The European Commission has published the last set of proposals agreed by the Troika of creditors and offered to Greece late last week saying that it could have led to a comprehensive agreement before the Greek government walked away from the negotiations.
The Commission says it would have addressed future financial stability needs including a jobs programme but was rejected by the Greek Government. The Greek Prime Minister Alexis Tsipras had asked for an extension of financial help until a referendum can be held on Thursday. But this was rejected by EU finance ministers late on Saturday.
Information from the European Commission on the latest draft proposals in the context of negotiations with Greece
In the interest of transparency and for the information of the Greek people, the European Commission is publishing the latest proposals agreed among the three institutions (European Commission, European Central Bank and International Monetary Fund), which take into account the proposals of the Greek authorities of 8, 14, 22 and 25 June 2015 as well as the talks at political and technical level throughout the week.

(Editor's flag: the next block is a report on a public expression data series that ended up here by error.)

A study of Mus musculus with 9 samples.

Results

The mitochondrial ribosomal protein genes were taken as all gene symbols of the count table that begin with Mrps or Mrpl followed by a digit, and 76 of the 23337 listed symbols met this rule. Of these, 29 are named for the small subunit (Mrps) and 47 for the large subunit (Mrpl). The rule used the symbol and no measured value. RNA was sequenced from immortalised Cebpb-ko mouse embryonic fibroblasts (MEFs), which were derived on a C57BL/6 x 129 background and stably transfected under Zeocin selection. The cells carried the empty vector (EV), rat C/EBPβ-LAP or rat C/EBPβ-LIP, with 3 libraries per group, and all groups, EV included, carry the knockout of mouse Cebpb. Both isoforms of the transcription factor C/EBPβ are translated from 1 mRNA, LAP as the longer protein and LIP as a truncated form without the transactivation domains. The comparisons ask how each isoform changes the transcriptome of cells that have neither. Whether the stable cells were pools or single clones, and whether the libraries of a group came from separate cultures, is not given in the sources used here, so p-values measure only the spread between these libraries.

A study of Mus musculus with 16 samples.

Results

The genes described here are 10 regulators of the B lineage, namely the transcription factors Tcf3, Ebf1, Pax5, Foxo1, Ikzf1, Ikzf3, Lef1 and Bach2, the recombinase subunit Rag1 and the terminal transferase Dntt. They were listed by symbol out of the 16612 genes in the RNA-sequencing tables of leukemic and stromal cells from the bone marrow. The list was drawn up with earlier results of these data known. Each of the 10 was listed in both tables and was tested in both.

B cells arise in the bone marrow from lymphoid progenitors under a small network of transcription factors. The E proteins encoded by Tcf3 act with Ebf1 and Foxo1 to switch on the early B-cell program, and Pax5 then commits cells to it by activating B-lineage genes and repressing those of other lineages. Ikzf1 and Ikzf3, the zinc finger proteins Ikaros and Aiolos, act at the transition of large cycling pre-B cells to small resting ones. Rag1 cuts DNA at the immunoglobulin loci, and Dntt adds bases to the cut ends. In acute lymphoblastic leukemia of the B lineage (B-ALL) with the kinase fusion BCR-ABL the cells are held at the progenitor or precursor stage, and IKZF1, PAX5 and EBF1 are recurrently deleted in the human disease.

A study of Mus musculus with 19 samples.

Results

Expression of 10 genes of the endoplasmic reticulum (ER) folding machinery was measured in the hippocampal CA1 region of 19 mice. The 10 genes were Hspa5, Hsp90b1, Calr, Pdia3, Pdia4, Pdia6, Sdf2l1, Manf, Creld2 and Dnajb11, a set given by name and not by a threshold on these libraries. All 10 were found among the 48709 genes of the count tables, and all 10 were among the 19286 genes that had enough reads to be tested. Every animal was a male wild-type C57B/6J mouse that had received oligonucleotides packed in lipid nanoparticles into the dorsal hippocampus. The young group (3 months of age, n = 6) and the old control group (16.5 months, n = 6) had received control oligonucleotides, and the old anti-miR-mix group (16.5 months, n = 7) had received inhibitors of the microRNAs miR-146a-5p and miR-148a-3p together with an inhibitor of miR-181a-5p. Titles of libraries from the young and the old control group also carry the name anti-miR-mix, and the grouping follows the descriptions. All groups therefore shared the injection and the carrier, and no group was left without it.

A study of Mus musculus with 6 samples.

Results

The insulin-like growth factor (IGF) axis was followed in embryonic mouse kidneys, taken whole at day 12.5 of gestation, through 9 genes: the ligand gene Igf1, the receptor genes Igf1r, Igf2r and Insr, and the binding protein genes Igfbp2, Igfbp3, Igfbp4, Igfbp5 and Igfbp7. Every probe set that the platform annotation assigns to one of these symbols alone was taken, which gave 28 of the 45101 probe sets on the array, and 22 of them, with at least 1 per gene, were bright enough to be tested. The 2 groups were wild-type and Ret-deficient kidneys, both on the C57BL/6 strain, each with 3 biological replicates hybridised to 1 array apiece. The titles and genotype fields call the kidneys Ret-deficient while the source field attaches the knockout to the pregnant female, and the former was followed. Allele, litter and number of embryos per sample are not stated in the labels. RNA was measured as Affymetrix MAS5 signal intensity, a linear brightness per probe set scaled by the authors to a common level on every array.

Discussions on this text were ongoing with the Greek authorities on Friday night in view of the Eurogroup of 27 June 2015. The understanding of all parties involved was that this Eurogroup meeting should achieve a comprehensive deal for Greece, one that would have included not just the measures to be jointly agreed, but would also have addressed future financing needs and the sustainability of the Greek debt. It also included support for a Commission-led package for a new start for jobs and growth in Greece, boosting recovery of and investment in the real economy, which was discussed and endorsed by the College of Commissioners on Wednesday 24 June 2015.
However, neither this latest version of the document, nor an outline of a comprehensive deal could be formally finalised and presented to the Eurogroup due to the unilateral decision of the Greek authorities to abandon the process on the evening of 26 June 2015.